Even bottled water can have microplastics

Tap water from around the world was contaminated with microplastics, showed a recent study. India came third on the list

By Richa Agarwal
Published: Wednesday 13 September 2017
Around 8 million metric tonne of plastic waste enters in the sea every year, according to the UN. Credit: Meeta Ahlawat/CSE
Around 8 million metric tonne of plastic waste enters in the sea every year, according to the UN. Credit: Meeta Ahlawat/CSE Around 8 million metric tonne of plastic waste enters in the sea every year, according to the UN. Credit: Meeta Ahlawat/CSE

Microplastics are not just contaminating the ocean but drinking water as well. Of the more than 150 tap water samples collected from cities and towns of five continents, 83 per cent were contaminated with plastic fibres, minute particles of plastic which are invisible to the eye and can be dangerous to human health, said the study.

Although many studies have shown plastic pollution in the oceans, the 10 month observational study by Orb Media was the first to test tap water for the presence of microplastics, claim the authors.

India came third on the list after the US and Lebanon, with 82.4 per cent of India’s tap water contaminated with microplastics. In India, samples were collected only from Delhi. Of the 17 tap water samples collected from Delhi, 14 had microscopic plastic fibres. Bottled water in the US also had microplastics, it said.

The study holds importance as no governments and individuals have so far examined how plastic in drinking water, food, and air can harm humans, say the authors. Since plastic never degrades, when it enters water, it breaks into smaller pieces in the presence of sunlight and waves. The smaller it gets, the more dangerous it becomes.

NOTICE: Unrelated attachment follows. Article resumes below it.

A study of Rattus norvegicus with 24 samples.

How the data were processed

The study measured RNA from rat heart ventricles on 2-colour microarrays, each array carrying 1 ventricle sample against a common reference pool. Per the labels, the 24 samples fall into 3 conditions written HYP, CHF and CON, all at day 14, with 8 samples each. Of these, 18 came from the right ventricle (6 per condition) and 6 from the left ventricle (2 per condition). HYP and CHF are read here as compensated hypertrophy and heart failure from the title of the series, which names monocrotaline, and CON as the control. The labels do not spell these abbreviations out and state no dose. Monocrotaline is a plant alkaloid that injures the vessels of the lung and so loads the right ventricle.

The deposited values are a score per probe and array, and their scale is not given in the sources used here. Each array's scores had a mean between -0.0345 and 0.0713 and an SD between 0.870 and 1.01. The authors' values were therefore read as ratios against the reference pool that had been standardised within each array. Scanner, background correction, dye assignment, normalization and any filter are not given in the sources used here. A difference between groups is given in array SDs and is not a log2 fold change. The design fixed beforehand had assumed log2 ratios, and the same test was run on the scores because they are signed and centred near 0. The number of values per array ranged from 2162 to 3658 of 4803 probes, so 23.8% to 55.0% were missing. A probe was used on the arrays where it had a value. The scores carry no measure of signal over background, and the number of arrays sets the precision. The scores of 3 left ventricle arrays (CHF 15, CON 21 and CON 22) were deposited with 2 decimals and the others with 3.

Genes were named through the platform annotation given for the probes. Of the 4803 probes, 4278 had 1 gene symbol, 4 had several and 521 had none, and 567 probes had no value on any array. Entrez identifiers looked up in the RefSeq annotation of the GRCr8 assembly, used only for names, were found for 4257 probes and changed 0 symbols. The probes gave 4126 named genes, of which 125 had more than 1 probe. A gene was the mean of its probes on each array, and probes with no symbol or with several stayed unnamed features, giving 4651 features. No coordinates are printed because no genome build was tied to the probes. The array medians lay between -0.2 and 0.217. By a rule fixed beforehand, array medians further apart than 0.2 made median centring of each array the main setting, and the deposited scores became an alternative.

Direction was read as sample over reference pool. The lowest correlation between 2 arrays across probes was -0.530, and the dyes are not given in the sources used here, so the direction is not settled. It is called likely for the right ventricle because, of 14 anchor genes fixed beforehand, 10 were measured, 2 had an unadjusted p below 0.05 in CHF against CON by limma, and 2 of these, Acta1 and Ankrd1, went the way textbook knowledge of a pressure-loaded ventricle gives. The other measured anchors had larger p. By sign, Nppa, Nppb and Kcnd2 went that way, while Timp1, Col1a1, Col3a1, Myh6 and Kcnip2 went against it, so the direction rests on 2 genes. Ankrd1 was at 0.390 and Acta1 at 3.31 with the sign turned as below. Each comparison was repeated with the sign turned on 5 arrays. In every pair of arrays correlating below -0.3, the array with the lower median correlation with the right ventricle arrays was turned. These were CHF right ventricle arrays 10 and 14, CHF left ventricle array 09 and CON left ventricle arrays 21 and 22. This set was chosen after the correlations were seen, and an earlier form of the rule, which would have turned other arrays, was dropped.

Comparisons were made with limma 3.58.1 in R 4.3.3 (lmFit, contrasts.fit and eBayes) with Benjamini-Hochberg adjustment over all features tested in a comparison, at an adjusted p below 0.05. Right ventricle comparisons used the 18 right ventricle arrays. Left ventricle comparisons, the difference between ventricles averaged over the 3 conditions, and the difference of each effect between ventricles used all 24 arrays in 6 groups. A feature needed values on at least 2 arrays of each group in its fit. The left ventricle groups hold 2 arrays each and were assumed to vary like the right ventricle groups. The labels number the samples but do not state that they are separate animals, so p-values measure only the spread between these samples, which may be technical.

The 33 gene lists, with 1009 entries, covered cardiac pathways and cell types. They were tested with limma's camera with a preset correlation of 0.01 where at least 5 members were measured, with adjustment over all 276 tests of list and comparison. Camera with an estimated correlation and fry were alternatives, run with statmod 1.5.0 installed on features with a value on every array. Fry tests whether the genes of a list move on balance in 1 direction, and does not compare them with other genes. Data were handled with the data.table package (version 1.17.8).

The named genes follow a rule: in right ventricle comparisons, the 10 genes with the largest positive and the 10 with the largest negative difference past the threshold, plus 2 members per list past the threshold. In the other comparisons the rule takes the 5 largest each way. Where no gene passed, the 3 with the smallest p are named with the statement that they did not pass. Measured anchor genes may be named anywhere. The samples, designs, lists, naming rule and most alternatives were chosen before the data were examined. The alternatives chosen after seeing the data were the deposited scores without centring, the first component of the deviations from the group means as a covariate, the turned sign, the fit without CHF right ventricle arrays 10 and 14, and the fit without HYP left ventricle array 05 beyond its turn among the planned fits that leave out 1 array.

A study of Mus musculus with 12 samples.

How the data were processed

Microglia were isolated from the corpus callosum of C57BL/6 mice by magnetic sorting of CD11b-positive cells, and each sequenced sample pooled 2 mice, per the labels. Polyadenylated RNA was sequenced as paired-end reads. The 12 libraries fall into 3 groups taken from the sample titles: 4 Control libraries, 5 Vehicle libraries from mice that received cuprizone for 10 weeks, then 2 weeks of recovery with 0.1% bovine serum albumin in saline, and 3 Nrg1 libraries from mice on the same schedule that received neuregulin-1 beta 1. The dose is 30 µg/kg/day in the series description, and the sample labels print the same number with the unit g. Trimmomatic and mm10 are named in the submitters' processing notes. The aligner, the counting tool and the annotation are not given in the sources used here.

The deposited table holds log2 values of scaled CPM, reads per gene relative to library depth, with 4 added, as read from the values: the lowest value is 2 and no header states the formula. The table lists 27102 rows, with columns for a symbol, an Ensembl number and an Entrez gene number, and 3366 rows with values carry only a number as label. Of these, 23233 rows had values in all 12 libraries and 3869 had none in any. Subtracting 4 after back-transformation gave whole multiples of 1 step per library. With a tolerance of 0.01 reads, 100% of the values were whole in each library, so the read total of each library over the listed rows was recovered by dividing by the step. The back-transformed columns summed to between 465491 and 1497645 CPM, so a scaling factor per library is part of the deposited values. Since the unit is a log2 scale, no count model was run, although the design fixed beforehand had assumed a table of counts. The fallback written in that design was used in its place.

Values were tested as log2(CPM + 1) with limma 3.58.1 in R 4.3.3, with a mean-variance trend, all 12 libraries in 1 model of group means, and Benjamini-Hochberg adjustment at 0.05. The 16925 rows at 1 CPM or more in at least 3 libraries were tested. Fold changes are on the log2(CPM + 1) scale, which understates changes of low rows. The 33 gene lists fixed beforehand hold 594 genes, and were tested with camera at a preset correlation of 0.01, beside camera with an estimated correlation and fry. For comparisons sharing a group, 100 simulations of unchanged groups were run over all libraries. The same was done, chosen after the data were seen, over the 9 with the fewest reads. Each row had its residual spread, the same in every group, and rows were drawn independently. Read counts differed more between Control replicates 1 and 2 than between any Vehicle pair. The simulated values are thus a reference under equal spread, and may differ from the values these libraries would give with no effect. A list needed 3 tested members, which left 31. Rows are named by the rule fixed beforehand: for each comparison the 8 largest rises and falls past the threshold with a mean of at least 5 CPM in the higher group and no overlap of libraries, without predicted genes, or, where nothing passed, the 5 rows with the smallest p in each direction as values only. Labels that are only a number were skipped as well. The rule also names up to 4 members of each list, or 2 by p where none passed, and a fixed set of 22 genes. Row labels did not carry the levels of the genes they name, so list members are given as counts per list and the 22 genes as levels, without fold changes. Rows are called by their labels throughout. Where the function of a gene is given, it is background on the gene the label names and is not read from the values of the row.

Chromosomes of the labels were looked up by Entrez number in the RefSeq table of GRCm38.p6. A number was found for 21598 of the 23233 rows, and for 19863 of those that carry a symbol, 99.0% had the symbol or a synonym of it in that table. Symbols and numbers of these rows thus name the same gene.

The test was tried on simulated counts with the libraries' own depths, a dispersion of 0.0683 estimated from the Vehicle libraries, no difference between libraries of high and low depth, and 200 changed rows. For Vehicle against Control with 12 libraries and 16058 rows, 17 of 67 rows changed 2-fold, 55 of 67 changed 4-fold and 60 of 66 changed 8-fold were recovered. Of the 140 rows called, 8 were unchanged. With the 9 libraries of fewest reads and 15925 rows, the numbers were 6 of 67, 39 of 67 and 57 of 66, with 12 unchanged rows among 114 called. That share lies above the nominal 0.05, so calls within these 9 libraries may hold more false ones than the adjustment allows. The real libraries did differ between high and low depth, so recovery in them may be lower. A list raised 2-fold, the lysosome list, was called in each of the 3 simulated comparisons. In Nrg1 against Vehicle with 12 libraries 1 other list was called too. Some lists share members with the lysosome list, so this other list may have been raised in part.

What are microplastics?

Microplastics are tiny particles which are present in many sources, including carry bags and pet bottles. These tiny particles easily pass through water filtration systems and end up in the water bodies, posing a potential threat to aquatic life. Microbeads, a kind of microplastic, are used as exfoliates in some cleansers and toothpastes. Even though banned in US and Canada, microbeads are still used in India.

Often called “salt sized” chips of plastic, microplastics don’t just resemble salt; they can be in it too. So if the sea contains plastics, so do the products we harvest from it. What is worse is that so far there are no water filter systems which can filter microplastics, says Dr Rajarshi Banerjee, the head of the pollution monitoring lab at the Centre for Science and Environment, New Delhi. There is hardly any data-based evidence on this, so more research needs to be done, he added.

How does plastic get into water?

These microscopic fibres originate in everyday activities such as abrasion of clothes, upholstery, and carpets. About 60 per cent of all our clothes are made from polyester, a form of plastic derived from fossil fuel. Another kind of plastic, styrene butadine is released from vehicular tyres, which lands into sewers and water bodies.

How harmful is it?

Microplastics can migrate through the intestinal wall and travel to lymph nodes and other bodily organs, shows the Orb report. Microplastics have also been shown to absorb toxic chemicals linked to cancer and other illnesses, and then release them when consumed by fish and mammals. So if plastic fibers are in your water, experts say they’re surely in your food.

What’s the solution?

The report suggests that the solution lies in making the producers responsible for waste management, and creating new non-polluting materials. Most of all, we need to make sure microplastic does not enter water and reduce plastic usage. The most important thing is to understand individual plastic consumption. Not buying plastic bottles and carry bags, avoiding straws, washing synthetic clothes less often can bring about a difference not just to the environment but to our bodies.